There’s always plenty of debate about New Jersey charter schools: Are they better than district schools? How should they be funded? Who should approve and monitor them?
But one issue is not up for debate: These alternative public schools -- at least most of them -- struggle to pay their teachers on par with district schools. There are a number of factors at play. Charters have less public funding under state law, for one, and their teachers are typically less experienced, since the schools themselves are newer.
And at least one other consideration should be taken into account: Just nine of the state’s nearly 90 charters are union shops.
Nonetheless, a few of the schools have done better than others in trying to keep up with their district counterparts, the bulk of them being the state’s oldest and most-established charters.
The following are the top-paying charters in 2013-2014, according to the state’s annual staff-salary data, listed by the average salary of their full-time certified teachers.
One of the original 13 charters in the state, the K-8 school sought to keep up with the Hoboken district’s pay in its early years, school leaders said, but fell behind as state funding grew for Hoboken but not so much for charters. With comparable average experience, the school’s salary trails the district’s average pay of $75,047.
Also one of the original charters from 1997, Princeton Charter School is the oldest in the state operating in a suburban district. It also boasts some of the most-experienced teachers, averaging more than 10 years. Still, its typical teacher makes $10,000 less than the district average of $79,195.
The Jersey City K-8 school also sees a wide gap with its host city, where Jersey City’s district average is $78,123. One difference here: Soaring Heights is one of two schools on the list with teachers represented by the New Jersey Education Association, the teachers union.
Also one of the initial 13, TEAM is part of the KIPP charter network and has grown to be among the largest networks in the state, with seven schools in Newark. While well below the district average salary of $72,746, TEAM’s performance bonuses -- not included in these numbers -- make up for the disparity, school leaders said, with some teachers topping $110,000 at just seven years.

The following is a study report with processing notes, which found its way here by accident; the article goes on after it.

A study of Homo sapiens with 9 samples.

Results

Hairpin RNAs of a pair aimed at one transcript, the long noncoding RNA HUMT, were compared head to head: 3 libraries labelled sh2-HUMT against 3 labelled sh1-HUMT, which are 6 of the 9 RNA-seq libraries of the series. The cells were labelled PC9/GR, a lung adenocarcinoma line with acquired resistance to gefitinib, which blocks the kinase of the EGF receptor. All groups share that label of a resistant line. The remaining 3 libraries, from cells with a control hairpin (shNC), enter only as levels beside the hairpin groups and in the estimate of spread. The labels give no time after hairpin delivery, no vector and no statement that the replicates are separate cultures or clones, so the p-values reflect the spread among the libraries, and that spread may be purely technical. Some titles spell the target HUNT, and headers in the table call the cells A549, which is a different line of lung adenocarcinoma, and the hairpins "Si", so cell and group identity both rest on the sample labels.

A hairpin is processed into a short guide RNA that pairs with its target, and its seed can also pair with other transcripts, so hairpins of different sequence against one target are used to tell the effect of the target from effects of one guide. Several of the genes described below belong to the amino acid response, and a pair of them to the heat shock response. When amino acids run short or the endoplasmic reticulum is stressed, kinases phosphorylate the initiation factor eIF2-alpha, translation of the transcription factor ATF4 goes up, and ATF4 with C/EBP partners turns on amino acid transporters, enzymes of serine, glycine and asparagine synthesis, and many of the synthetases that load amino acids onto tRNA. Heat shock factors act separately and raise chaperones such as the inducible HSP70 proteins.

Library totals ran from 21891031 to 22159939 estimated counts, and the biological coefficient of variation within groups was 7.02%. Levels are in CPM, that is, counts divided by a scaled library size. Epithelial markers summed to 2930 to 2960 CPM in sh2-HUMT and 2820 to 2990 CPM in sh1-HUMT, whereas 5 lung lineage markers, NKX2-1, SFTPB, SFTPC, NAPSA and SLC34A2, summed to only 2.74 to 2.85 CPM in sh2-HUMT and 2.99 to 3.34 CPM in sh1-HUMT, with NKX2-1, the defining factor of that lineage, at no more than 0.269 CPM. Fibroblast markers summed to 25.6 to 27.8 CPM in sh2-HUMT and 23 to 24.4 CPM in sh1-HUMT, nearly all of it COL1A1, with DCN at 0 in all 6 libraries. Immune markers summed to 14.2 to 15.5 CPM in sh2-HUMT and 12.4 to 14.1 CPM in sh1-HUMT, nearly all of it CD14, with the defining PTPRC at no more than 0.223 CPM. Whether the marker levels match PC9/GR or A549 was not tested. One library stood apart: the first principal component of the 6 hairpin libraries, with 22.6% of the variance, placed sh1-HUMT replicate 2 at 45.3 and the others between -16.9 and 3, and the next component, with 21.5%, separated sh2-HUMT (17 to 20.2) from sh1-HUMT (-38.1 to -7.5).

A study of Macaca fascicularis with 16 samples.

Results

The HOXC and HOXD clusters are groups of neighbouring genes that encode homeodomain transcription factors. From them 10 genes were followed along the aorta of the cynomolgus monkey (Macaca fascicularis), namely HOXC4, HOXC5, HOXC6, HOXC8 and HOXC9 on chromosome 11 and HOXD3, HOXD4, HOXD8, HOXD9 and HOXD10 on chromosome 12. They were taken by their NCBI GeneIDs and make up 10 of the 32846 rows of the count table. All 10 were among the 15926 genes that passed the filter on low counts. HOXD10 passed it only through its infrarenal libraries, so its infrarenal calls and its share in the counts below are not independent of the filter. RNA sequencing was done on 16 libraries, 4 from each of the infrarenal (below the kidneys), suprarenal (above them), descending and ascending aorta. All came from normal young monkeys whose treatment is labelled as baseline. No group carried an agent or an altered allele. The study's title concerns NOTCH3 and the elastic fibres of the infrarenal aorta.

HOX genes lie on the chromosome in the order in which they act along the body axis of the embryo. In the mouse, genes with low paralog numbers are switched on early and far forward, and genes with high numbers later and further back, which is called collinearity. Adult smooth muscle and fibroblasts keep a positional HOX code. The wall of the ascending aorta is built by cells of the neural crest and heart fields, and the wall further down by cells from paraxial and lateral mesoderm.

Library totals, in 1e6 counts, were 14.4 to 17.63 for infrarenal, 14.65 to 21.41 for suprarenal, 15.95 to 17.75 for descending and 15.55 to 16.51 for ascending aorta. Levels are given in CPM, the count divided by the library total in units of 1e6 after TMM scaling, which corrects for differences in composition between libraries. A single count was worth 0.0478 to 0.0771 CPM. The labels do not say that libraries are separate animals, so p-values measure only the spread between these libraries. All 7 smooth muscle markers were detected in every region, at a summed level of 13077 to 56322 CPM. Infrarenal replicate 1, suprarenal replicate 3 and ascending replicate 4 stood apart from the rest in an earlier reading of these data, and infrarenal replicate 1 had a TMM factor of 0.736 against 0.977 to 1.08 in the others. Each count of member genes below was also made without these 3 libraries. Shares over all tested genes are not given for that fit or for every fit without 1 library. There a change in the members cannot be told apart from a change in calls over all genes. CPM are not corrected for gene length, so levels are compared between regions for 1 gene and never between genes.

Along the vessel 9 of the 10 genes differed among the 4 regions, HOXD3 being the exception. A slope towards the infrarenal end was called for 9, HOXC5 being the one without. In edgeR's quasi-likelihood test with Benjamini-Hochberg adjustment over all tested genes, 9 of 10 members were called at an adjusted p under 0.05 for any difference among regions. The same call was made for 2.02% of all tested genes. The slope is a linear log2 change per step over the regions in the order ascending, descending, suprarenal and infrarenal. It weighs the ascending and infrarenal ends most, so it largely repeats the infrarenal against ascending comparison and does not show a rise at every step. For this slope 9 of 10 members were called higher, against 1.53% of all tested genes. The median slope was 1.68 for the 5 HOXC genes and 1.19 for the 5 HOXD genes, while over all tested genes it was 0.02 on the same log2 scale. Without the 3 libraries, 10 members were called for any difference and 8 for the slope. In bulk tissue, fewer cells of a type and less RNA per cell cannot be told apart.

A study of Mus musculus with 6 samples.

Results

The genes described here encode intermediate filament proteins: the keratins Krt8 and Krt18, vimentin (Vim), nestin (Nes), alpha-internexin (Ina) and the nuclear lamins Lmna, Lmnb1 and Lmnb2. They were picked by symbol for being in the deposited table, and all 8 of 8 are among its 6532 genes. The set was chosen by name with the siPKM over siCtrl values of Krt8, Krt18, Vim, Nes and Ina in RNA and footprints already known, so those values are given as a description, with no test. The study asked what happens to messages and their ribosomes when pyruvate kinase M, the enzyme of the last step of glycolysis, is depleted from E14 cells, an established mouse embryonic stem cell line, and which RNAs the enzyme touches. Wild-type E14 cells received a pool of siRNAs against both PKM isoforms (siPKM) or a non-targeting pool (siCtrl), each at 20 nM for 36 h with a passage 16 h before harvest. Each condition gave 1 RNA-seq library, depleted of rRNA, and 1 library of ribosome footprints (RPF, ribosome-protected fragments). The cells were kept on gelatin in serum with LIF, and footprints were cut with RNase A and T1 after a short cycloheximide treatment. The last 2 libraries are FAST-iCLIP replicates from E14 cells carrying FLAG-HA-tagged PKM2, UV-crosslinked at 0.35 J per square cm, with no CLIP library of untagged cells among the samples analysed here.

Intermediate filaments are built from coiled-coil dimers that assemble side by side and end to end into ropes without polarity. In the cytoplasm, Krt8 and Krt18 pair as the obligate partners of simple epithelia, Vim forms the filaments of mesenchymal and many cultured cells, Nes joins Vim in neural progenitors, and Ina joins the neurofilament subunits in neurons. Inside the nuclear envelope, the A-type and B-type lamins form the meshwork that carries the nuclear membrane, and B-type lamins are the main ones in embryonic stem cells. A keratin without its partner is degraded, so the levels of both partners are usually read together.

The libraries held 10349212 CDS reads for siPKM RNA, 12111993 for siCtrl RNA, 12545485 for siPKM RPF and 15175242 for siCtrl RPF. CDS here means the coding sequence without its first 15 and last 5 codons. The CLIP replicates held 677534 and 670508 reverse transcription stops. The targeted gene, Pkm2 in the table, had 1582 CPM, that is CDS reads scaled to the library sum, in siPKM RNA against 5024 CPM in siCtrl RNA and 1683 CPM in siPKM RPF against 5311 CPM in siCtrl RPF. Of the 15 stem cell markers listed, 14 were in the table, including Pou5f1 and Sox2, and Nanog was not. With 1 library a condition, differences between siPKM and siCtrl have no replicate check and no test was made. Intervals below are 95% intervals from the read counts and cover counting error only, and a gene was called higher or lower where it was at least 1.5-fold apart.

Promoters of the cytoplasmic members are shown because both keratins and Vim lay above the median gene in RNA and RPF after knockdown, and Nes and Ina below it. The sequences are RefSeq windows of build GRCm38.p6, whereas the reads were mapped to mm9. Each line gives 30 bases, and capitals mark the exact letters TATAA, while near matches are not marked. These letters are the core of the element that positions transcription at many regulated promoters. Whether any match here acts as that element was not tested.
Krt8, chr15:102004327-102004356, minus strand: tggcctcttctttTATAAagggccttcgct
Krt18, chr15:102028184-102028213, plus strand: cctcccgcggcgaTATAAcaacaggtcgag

The K-8 school is now in its 14th year, its teachers have about six years of experience on average, half that of the Jersey City norm. And the pay shows it, more than $15,000 less than Jersey City’s average.
The second Newark charter on the list, North Star is also one of the state’s original 13 and among the most prominent in the country, starting as a single school in 1997 and growing to 10 schools in Newark. Pay at the charter is well below the district average salary of $72,746.
Given the Englewood district average of $64,741, this charter school is the closest to achieving parity with its district peers. With a little over nine years in average years in the classroom, the charter’s teachers actually are typically more experienced than those in district schools.
Teaneck’s district average is $79,746, making it one of the highest paying of the district hosting showers. Its lone charter school has not been able to keep up, even with its teachers represented by the NJEA.
The only “blended learning” model on the list, Merit Prep opened in 2012 with an approach that brought online learning to a classroom setting. The teachers are still required to be fully certified, and the school has an average classroom experience of three years, well below the district average of $72,746.
The only Camden charter school on the list, Freedom Prep was taken over by the Democracy Prep charter school network in 2012 after years of low performance. Its teachers are far less experienced than those in Camden as a whole, averaging just over three years, while the pay also lags behind Camden’s, which averages $65,885.